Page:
Don’t Judge Me: On Potty Training an Autistic Child
Written by Beth Clay
I spent my morning yesterday looking for coupons for the adult diapers that I buy for my 15-year old son.
He was diagnosed with autism at the age of 18 months. His entire life has been, and continues to be, an adventure; a multi-faceted, multi-layered, bumpy road, roller coaster-esque, joy-filled and sometimes heartache-filled adventure. But at the age of fifteen, my son still wears adult diapers at night.
We started seeing a doctor who specialized in autism when Cooper was about four. He was wearing pull-ups full time, with no inclination toward letting them go. One of the first questions that my husband asked the doctor was when Cooper would be potty trained.
The doctor peered over her glasses and said, “Typically, around the age of 7.″ And she moved right along.
I think we were both a little stunned and, to be honest, disappointed.
There are times when we feel confident about our parenting. There are also times when we feel vulnerable, like we have failed. We definitely were not feeling confident after that visit.
One of the biggest obstacles that any parent faces is potty training. It was for us too, only more so because it never ended. It is ongoing.
Potty training is hard, and it can be embarrassing to have an older child still in pull-ups. It’s embarrassing because you know that other parents are judging you.
You know they are looking at your big boy as you are trying to hoist him up onto that bathroom changing table, where his feet will hang off and you pray the whole time that the thing doesn’t break. You’re in a sweat, cursing your husband because he never takes your child to the bathroom.
It’s right about this time you catch someone out of the corner of your eye, and you know they are watching you and thinking “If they would just…”.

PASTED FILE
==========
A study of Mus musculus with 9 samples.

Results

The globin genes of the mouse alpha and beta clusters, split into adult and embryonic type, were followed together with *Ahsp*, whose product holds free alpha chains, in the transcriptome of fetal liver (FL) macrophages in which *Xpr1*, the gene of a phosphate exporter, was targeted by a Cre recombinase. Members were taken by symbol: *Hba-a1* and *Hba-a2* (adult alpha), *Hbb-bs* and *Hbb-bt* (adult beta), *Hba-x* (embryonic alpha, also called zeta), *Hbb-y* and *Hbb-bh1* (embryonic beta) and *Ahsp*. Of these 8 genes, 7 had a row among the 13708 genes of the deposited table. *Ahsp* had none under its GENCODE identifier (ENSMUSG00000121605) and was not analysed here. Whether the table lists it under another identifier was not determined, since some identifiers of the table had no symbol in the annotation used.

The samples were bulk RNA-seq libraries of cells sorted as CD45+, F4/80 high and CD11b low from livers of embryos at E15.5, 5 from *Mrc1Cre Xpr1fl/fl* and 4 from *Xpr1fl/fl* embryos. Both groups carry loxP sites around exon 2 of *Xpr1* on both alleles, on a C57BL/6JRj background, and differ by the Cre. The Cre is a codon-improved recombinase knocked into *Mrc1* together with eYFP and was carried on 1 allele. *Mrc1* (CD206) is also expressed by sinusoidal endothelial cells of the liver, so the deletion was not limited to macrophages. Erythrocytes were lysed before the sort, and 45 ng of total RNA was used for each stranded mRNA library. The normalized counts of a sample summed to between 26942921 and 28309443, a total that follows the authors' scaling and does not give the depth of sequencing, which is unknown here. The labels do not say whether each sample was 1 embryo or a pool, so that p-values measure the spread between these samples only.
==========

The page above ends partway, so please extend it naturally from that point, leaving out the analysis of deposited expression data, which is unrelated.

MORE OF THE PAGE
I find myself thinking, “If I would just what? I have tried. I have tried everything that I know to do, and it doesn’t work.”
Sometimes you find yourself standing in a public restroom attempting to change your large child and you are paralyzed with fear, with guilt, and with the judgment of others. That is the trifecta of immobilizing power strong enough to bring down a bull moose.
But what hurts the most isn’t the judgment from other parents. It’s knowing that this is just one more thing that you can’t fix, you can’t help your child with, and that you can’t take away.
This isn’t what any parent wants: a child with a disability that results in a life time of diaper changes. But it is what many of us live with though.
We adjust. We adapt. We survive.
I still have hope. However, I also know that if he wears the diapers forever, we will make it through.
So when you walk into a restroom and see a mother doing the best she can to adjust and adapt, just smile and say hi. If you can– if it doesn’t feel too weird– you could even offer to help. She will probably politely refuse, because mothers like us are not often used to help.
But I can promise you that her heart is smiling.